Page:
Why pot valuations are “absolutely crazy”

Why pot valuations are “absolutely crazy”

Why pot valuations are “absolutely crazy” The latest big-money marijuana industry deal has left one advisor amazed at the “absolutely crazy” valuations.

It was announced yesterday that Aphria had agreed to buy Nuuvera, a global cannabis company based in Brampton, Ontario, for about C$826 million in cash and stock, in another sign the major players are consolidating ahead of Canada’s legalisation of recreational cannabis in July. The offer of about C$8.50 a share was 21% higher than Nuuvera’s closing price on Friday.

Sean Harrell, partner and senior advisor at Howe, Harrell & Associates, says the price-earnings ratios are way out of whack and is not advising clients to invest, unless they have some “play money”.

However, he believes the big companies have a good chance to become successful legitimate businesses, and that the stock surge that happened when California went legal shows that no one can really pre-empt how big this sector could become.


“A lot of them don’t have profits yet; they have billions of dollars of market cap. I think things are going to get shaken out. The bigger companies will do OK but they will continue to buy and merger, and team up with these smaller companies who will end up being phased out.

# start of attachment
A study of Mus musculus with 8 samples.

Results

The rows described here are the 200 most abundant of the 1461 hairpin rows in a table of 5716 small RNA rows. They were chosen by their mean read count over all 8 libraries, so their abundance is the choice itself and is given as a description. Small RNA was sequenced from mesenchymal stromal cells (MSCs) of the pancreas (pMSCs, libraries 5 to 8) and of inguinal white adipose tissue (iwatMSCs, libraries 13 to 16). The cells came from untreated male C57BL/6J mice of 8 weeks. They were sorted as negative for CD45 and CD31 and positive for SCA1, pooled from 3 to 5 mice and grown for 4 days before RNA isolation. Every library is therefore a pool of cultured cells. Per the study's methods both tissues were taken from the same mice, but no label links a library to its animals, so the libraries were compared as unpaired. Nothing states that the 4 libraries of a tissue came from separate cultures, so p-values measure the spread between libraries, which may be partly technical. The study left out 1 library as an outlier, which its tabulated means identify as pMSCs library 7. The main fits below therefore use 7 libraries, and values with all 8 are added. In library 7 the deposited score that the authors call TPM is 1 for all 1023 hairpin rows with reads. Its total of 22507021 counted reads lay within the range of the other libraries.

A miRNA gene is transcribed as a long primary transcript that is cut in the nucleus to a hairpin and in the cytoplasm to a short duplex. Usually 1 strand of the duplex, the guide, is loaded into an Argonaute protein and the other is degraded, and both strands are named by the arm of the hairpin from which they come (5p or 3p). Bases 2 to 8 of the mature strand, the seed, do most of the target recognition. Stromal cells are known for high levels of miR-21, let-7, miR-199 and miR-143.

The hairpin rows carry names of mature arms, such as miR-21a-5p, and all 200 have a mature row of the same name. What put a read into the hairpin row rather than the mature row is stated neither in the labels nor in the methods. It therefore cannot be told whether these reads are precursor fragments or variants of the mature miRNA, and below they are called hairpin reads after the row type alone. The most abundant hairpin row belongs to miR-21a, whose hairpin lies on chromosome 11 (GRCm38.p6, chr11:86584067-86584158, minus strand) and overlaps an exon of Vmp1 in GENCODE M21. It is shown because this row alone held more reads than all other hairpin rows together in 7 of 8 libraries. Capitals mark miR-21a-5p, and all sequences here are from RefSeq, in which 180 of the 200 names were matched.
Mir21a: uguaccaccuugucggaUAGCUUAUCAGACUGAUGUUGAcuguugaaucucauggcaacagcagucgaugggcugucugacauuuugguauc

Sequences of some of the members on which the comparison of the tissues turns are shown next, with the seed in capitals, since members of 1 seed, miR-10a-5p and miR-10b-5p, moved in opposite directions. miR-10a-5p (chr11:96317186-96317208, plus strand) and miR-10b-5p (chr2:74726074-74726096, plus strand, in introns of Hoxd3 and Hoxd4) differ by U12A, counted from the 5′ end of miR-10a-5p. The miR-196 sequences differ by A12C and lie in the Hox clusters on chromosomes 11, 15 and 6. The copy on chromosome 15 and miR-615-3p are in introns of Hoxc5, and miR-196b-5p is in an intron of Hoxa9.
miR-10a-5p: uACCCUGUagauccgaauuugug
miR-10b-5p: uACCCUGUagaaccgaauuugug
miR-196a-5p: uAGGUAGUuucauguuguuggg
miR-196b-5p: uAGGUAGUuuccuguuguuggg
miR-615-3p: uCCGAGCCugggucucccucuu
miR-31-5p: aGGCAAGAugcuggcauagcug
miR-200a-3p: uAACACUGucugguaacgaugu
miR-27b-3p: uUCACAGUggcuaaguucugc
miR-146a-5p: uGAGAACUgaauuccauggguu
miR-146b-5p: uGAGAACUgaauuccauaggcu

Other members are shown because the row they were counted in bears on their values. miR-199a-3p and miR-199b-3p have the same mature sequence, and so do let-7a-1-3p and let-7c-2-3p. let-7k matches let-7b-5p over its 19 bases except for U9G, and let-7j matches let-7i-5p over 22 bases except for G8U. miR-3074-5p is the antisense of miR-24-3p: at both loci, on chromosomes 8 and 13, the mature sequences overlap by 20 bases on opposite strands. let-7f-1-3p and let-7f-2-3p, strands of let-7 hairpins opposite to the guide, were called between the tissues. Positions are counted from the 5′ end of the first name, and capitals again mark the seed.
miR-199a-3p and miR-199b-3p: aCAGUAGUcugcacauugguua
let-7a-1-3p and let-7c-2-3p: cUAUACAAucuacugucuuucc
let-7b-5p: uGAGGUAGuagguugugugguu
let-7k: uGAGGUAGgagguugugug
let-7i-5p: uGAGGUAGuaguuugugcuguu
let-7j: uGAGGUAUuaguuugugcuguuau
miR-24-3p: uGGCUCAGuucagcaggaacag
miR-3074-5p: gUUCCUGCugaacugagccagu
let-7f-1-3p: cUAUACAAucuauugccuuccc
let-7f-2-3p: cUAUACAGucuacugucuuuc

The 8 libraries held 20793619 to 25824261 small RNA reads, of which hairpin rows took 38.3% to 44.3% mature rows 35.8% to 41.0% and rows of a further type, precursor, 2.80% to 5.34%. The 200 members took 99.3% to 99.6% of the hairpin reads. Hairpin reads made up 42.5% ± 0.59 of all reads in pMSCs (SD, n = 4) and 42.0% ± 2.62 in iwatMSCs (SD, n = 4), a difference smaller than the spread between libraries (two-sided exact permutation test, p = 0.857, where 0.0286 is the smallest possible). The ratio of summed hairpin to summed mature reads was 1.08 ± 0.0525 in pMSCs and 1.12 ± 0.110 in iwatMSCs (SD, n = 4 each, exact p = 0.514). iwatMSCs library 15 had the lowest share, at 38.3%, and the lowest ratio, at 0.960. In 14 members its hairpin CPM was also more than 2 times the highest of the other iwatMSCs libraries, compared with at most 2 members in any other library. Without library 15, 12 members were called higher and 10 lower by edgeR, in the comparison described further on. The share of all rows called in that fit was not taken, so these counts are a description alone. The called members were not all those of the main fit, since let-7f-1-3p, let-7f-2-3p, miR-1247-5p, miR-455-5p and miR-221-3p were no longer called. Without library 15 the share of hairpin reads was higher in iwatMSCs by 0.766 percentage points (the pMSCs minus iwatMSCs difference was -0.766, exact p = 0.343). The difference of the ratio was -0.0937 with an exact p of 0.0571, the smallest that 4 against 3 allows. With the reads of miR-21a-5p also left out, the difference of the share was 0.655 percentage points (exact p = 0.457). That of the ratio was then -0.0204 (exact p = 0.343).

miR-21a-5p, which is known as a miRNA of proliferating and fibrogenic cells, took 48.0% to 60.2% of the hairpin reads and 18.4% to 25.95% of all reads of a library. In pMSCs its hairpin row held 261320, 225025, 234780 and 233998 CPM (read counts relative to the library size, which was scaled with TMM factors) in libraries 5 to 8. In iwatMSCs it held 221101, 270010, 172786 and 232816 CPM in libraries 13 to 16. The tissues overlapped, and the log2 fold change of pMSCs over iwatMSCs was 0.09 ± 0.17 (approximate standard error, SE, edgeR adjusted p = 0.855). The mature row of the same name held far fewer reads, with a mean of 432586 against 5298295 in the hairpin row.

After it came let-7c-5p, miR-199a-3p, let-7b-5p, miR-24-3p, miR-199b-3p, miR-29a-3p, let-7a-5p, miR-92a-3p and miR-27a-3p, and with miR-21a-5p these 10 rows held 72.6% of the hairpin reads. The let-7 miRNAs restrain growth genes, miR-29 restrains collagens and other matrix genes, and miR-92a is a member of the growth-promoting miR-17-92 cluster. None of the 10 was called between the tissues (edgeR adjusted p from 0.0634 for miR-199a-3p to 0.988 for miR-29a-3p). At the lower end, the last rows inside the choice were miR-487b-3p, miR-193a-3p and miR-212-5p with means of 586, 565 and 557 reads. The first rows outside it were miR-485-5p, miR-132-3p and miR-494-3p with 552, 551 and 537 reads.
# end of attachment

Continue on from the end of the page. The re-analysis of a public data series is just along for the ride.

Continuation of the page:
“I wouldn’t be putting money into it right now if it’s my own money, so I would lean more to the side of overvalued or [there being] not much room for potential growth. I think the big returns have been seen already. The market tends to look forward and already price in future circumstance like legalisation in Canada.

“But you never know still. California surprised the heck out of me. So when California became legal in January, the stocks rocketed up like crazy over a two or three-day period. And yet we knew that was coming, so do they have it priced in for the future for July 1 coming up in Canada? I would say they should, but based on the way the markets reacted to California opening up, it wasn’t. So it’s a little bit of a different animal.”

Despite yesterday’s announcement, the price of Canopy and Aurora, for example, were down, suggesting a slight market correction after their fast rise. However, the explosion of the marijuana industry begs the question: how much bigger is this sector going to get? Harrell admits he faces a personal dilemma.

He said: “To be completely honest, I have, and am still holding Canopy and Aurora – I’ve been holding them for about 11 months. So I am stuck in that precarious position of, do I sell? Or is there room for it to run still?

“I got in it, I would say, late in the game, but I’ve been rewarded quite handsomely and I’m struggling with the question, should I sell or should I hold on because Canada Day presents a huge opportunity for these larger companies?”

Winnipeg-based Harrell says he is likely to stick to a game plan of holding until, ideally, stocks get up to their previous highs, after which he will systematically start divesting.

He said: “There’s a lot of hype and the earnings ratios are way out of whack. For something to be priced at 1,000 x P/E, to take 1,000 years to get your money back just doesn’t make sense. But yet that’s where these larger companies are and they are continuing to raise capital, and they are continuing to expand. So if they can capture the majority of the market, medicinally and recreationally, they should have a decent chance of building a decent business out of it.”